Ten-year-old Wasuthon Nielsen also called “Guide” came to Denmark from Thailand three years ago after his adoptive mother brought him with her to her Danish hometown of Taulov, where she lives with her Danish husband. Now the Danish authorities have decided to deport Wasuthon back to Thailand, Fredericia Dagblad writes.
Wasuthon came from Thailand where he lived with his aunt and grandparents. When his aunt, Praphatsanun Nielsen, married her Danish husband Niels Jørgen Fries Nielsen she moved to Denmark. At first, Parphatsanun went to Denmark without Guide who then stayed with his grandparents. Niels first wanted to see if Parphatsanun liked the life in Denmark before they brought Guide, he explains.
Parphatsanun quickly found a cleaning job in Denmark and settled in. She then went back to Thailand and got an official adoption for Guide approved before she brought him back to Denmark with her.
Today Guide is in the Danish third grade where he, according to his teachers, is making a lot of process. Guide himself is also enjoying his time in Denmark “I like math and gymnastics,” Guide says. He also says that he likes cartoons and playing video games.
In Guide’s free time he plays Esport at a local club. At home, he frequently has friends visiting to play football or badminton in the garden. Soon Guide is going to a disco night with his class at their school.
Even though Guide seems to be doing well in Denmark he is now being forced to leave the country and go back to Thailand. The Danish Immigration Service has rejected the family’s application for a residence permit to Guide with the explanation that the adoption of Guide isn’t recognized by Danish law.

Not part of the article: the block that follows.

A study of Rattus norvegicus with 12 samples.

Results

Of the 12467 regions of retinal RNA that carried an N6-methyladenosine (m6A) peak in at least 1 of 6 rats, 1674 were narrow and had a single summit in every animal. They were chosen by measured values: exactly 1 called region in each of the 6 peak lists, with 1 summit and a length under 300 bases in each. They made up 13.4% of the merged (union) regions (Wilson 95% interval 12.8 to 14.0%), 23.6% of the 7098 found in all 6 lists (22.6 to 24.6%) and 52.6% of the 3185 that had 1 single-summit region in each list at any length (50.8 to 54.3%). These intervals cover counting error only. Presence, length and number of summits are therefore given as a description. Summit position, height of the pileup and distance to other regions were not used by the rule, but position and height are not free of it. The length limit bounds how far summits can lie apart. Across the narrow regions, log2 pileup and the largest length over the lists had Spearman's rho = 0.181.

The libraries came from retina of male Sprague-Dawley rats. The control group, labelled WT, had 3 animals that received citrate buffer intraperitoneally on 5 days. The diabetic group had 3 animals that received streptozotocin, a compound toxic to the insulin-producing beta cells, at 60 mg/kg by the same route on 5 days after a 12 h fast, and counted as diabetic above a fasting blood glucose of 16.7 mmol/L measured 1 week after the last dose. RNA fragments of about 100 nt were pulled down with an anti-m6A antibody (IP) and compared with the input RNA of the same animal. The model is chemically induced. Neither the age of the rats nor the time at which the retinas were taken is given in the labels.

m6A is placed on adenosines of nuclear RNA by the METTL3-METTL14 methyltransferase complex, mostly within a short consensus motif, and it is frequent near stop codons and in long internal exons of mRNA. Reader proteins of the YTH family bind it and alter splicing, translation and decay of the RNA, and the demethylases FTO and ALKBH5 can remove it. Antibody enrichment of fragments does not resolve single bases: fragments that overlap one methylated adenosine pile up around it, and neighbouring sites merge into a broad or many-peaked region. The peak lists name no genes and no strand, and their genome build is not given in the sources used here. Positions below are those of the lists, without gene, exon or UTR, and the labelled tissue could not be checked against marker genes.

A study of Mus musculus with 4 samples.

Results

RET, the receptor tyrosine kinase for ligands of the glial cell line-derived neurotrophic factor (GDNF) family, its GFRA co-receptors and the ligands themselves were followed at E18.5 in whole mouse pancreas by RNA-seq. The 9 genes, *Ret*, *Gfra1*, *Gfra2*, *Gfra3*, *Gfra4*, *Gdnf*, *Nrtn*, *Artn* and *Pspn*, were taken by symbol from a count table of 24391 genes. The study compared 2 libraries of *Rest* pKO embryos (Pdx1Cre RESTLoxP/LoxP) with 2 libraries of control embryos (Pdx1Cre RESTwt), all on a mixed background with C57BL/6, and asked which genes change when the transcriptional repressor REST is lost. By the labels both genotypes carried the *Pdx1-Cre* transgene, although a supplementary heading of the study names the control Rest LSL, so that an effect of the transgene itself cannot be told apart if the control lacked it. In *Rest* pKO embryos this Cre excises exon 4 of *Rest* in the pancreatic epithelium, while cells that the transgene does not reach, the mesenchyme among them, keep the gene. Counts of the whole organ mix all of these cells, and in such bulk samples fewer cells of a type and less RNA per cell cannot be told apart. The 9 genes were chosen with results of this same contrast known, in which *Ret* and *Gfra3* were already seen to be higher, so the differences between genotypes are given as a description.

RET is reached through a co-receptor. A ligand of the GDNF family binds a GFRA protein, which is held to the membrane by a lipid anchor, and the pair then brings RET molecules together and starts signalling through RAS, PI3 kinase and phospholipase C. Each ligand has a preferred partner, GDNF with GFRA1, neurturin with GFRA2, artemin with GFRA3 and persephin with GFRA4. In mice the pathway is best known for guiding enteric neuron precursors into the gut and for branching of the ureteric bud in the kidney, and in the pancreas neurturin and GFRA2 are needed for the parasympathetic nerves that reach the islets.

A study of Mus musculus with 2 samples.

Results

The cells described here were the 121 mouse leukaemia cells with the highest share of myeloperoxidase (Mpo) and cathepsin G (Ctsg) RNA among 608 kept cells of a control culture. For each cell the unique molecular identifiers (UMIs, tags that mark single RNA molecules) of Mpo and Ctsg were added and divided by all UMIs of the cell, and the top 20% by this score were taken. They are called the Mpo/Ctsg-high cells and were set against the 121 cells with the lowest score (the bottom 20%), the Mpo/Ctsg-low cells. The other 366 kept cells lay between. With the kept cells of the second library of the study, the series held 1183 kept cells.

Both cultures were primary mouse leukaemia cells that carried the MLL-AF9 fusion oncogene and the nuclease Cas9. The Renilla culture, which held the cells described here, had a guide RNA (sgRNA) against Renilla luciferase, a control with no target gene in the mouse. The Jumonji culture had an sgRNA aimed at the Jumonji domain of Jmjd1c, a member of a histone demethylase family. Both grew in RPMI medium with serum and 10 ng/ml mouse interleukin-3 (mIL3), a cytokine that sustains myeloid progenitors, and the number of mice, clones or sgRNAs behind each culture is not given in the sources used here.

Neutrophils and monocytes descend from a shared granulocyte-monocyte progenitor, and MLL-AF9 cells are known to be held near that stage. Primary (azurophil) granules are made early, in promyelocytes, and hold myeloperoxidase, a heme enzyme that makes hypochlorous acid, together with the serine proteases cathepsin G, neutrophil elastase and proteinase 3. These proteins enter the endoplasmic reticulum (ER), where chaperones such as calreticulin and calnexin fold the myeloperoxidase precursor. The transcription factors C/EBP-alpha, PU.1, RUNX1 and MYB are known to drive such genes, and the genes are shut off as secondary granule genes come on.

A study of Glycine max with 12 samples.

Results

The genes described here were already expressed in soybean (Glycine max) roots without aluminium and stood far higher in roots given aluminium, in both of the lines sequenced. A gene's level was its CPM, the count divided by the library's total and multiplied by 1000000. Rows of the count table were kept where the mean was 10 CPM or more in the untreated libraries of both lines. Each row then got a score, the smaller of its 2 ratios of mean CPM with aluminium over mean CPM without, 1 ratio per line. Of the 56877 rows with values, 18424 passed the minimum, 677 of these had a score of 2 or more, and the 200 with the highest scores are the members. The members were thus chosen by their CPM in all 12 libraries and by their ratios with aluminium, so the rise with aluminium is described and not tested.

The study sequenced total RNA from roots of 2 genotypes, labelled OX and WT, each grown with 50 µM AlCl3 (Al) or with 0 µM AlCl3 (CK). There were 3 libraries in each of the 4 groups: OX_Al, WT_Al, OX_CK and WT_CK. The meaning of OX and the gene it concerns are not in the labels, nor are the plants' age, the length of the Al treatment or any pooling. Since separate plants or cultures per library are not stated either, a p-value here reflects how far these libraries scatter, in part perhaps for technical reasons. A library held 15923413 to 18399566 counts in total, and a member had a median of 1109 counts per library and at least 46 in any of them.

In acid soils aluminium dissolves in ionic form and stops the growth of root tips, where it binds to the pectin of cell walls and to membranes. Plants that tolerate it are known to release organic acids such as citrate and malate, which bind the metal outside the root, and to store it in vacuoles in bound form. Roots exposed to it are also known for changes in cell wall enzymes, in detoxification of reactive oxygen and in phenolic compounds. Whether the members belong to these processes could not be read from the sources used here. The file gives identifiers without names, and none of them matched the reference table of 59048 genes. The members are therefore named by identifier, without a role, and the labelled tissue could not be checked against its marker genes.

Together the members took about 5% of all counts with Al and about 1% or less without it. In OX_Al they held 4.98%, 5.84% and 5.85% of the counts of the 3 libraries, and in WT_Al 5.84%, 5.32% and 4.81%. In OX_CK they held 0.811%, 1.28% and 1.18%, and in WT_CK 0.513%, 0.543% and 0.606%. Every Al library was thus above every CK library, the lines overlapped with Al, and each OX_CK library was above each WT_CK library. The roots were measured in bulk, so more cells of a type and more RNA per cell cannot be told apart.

In 2020 the family filed for a family adoption at the Agency of Family Law but got their case denied twice. The first time the ruling stated that Guide’s sense of belonging was more significant in Thailand than in Denmark. The second time the agency was referring to the Hague Convention statement on adoptions which reads that an adopted child should “first and foremost be helped to grow up in its home country”.
The Danish Agency of Family Law also added to the explanation of the rejection that Guide has a network in Thailand to grow up in and that granting the adoption to Guide would be differential treatment since Guide’s younger brother is still living in Thailand with his grandparents.
But that explanation does not resonate with Niels Jørgen. He explains that both Guide’s grandmother and her husband have bad health. The family has also filed for the adoption of both brothers, but that request was also denied.
An absurd case.
Guide’s family have now been summoned for a meeting at The Danish Agency of Home Travel which has the responsibility of overseeing that illegal foreigners residing in Denmark travel home.
But according to the family’s lawyer, Eddie Khawaja, it is not even possible to send Guide home to Thailand. Simply due to the fact that Parphatsanun is recognized as Guides mother in Thailand, and she resides in Denmark. Therefore Eddie Khawaja thinks that the whole case is absurd.
“The boy has ended up in a sort of vacuum. The Agency of Home Travel must consider the fact, that the country they want to send the child to believes that the mother lives in Denmark. This means that there are no formal and legal caretakers in the country,” Eddie Khawaja says.
Niels Jørgen Fries Nielsen is ready to take the case, which they believe is wrong, all the way to the highest courts.
”It’s always the law they use in their argumentation. Guide is thriving here and has a good relationship with his friends. We pay all the expenses for the child. We both pay taxes. My wife has paid tax since the day she got here, and she has been a good citizen,” Niels Jørgen explains. He is very happy with all the support they have got in the case from Guide’s friends’ parents.
The Wasuthan story comes in the wake of several other controversial cases in Denmark where otherwise well-functioning residence on temporary residency has been deported back to their former home countries.